An unprecedented protest movement has been shaking Colombia over the past week. It began on November 21, when hundreds of thousands of people took to the streets to protest the policies of President Iván Duque and the protests have continued every day since. Though most of the demonstrations have been peaceful, they have faced persistent police repression since the very outset.
>> READ ON THE OBSERVERS: Colombian teen dies after being shot in the head by police
The Policarpa neighborhood has been particularly affected by police violence. FRANCE 24 spoke to numerous witnesses in this area located south of the town centre.
According to some of the people interviewed, the violence began when “hooligans” vandalized the main bus stop, set up barricades and started numerous trash can fires. They said the police passed in front of the stop several times but didn’t intervene.
Physical violence and destruction of property
Around 8:30 or 9pm, quite a few police officers stormed into the neighbourhood. They chased away the hooligans, but then they set in on locals who had been banging on pots and pans in a peaceful protest just moments before. The police were hitting people and they also used tear gas.
Alex Cubides Narvaez, a 32-year-old shopkeeper, was just trying to go home that evening when he was caught and beaten by the police. Six days later, he still hasn’t recovered from his injuries.
I don’t really remember well what happened that night, because I had some kind of blackout. According to the people who saw me, the police were beating me up with their truncheons. They hit me in the head numerous times.
WARNING: SOME VIEWERS WILL FIND THE FOLLOWING VIDEO DISTURBING.
My brother and my friend brought me to the hospital right away. My brother says that I was extremely disturbed - I was yelling. The medical staff carried out a brain examination and they took an X-ray of my arm, which had been nearly broken. I also got stitches in my head wounds. We finally left around 3:00 or 4am.
The next day, when I was talking to my brother, my memory started to come back, little by little. But I still can’t remember everything. I’m still healing. Since going to the hospital, I’ve barely left home. I haven’t been able to work.
There are some things that really worry me. For example, I can’t walk straight. Or, yesterday, I went into a shop and bought something. The shopkeeper gave me the change and then I stood there and asked him for the change, even though the money was in my hand.
I am supposed to go back to the hospital for another brain scan. I will also go and file a complaint.
Juan was also beaten up by the police, along with several other members of his family. The police then smashed out the windows of a car parked in front of their garage. He didn’t want to use his last name, for security reasons.
We saw people running at the end of our street and then police appeared. My uncle told me to close our garage door. The police thought that we were hiding hooligans in there, so they started to force open the door and then one of them grabbed me and hit me with a truncheon.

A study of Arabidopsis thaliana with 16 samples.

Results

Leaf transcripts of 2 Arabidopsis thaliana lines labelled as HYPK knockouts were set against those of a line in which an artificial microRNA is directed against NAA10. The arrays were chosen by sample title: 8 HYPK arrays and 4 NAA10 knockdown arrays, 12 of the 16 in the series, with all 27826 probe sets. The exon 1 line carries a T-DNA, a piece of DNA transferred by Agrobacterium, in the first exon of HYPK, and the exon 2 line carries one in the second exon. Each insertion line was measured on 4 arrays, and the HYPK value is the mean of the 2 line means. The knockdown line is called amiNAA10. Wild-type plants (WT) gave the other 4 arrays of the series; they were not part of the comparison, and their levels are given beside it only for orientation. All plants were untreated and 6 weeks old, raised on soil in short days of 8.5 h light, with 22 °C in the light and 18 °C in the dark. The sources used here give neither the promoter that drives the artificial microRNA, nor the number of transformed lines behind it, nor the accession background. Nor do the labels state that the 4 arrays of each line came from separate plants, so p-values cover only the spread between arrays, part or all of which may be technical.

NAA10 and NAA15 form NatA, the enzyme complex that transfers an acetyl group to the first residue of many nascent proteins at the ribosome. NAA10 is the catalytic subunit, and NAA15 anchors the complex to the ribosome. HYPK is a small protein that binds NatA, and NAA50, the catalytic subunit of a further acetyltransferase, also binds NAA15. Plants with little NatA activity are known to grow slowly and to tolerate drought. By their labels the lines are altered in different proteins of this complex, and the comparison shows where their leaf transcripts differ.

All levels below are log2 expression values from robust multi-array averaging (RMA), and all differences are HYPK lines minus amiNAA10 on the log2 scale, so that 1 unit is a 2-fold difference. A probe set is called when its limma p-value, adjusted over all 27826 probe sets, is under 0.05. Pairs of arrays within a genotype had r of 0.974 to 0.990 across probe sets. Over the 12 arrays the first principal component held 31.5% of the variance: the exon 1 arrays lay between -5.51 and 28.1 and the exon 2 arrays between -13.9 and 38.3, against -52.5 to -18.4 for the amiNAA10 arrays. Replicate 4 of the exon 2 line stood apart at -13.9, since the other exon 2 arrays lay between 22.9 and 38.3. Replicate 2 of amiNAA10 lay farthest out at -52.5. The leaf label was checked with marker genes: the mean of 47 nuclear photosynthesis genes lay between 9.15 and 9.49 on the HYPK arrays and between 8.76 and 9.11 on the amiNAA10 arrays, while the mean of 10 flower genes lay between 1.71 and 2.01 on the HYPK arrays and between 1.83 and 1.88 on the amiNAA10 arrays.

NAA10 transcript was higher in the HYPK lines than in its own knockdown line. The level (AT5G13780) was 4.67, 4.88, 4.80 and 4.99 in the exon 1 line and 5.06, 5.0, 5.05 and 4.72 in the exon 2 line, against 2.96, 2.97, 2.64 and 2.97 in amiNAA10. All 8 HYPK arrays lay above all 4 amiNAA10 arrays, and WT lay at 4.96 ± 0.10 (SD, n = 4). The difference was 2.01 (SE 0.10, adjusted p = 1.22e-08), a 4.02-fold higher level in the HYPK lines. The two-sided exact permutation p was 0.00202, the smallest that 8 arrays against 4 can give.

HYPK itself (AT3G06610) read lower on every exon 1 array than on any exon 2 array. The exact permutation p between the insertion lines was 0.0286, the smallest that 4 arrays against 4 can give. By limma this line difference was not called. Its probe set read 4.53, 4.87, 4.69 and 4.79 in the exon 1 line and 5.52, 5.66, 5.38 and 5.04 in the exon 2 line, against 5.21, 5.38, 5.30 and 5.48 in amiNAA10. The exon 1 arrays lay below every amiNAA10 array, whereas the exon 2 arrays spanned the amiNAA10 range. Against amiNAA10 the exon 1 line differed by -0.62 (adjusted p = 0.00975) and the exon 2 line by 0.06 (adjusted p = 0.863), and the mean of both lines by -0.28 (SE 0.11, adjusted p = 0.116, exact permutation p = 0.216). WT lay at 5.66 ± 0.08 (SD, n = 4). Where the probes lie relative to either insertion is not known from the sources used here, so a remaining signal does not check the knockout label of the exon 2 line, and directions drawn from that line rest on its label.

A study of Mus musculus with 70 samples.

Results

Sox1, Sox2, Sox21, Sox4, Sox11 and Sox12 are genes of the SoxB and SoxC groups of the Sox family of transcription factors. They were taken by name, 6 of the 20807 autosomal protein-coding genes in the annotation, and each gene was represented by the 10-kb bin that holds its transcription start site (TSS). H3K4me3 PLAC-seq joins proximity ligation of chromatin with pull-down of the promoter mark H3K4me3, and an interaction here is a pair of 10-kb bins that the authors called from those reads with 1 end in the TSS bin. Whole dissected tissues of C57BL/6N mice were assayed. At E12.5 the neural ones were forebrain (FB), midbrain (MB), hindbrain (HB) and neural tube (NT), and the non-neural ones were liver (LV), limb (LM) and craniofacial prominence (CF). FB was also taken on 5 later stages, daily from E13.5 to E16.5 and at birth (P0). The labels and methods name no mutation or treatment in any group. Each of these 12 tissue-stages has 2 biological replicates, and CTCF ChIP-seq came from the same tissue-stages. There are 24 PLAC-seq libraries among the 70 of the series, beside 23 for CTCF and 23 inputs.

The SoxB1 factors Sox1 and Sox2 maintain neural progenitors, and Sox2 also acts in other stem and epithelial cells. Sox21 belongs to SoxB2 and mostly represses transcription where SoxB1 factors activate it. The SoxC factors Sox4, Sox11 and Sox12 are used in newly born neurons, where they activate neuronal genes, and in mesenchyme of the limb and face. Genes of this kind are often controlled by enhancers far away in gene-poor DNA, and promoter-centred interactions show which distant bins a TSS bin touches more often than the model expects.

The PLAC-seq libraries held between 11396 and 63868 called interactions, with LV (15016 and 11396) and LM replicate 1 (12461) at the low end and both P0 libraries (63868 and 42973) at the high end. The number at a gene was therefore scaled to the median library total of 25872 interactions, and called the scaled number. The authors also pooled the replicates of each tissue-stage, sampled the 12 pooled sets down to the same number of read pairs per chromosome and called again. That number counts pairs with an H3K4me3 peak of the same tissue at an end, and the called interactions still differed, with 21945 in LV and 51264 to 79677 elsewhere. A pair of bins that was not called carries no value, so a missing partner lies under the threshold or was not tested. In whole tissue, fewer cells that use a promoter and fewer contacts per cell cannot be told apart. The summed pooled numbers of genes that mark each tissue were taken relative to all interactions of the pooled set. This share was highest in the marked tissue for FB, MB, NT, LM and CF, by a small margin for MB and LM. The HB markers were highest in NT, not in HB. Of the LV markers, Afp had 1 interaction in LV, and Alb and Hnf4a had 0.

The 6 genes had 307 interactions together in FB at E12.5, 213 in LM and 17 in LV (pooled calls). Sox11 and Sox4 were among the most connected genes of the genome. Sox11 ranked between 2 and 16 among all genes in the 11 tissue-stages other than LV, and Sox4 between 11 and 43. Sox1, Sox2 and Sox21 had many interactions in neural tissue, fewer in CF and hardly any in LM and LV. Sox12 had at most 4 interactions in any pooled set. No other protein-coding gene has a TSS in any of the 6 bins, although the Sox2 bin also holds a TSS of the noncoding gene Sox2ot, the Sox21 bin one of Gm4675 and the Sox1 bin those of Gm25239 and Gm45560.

My two uncles and my 15-year-old cousin intervened. They were asking the police why they were hitting me, but then the police started beating them up, too. A police officer hit my 15-year-old cousin in the head and then smashed out the windows of a blue car that we were in the midst of repairing.
Then, one of his fellow officers tried to damage the black car that we were working on, as well.
My uncle said that he was going to report them but then one of the officers threatened him, saying, “I know where you live!”
My aunt was also shoved when she tried to take a photo of the police car’s licence plate. On November 23, my family went and filed a complaint [Editor’s note: Our team was able to read this complaint].
Several photos and videos corroborate Juan’s testimony.
Armed police threaten locals
Police also threatened people living in this neighbourhood, sometimes with weapons in hand, according to Lobsang Parra, a sociologist at the Universidad Nacional:
I was at home around 1:00am and the police drove by on motorcycles. They were showing their weapons and would point them at the windows where they saw people, as if to scare them and keep them from going out in the street.
Police officers also fired shots in the street, like the video below.
"This neighborhood is stigmatised”
A week later, residents of Policarpa are still struggling to understand why the police lashed out with such brutality. Some of them say that the police have instilled a “strategy of fear” to prevent people from protesting. Others think that the repression is tied to the fact that the neighbourhood is known as a centre of opposition, according to Jhoan Pinto Castro.
"This isn’t your average neighbourhood. Most of the families who live here were originally from rural areas but were displaced by violence in the 1950s [Editor's note: tied to the armed conflict that wracked Colombia for years] and came and squatted this area. It’s a neighbourhood with a history of social struggle, so it is stigmatised. So it’s possible that police received specific orders about Policarpa because of the idea that some people have about its residents."
Our team contacted the Colombian police, but, so far, we have not received a comment from them. We will update this article if they provide a response.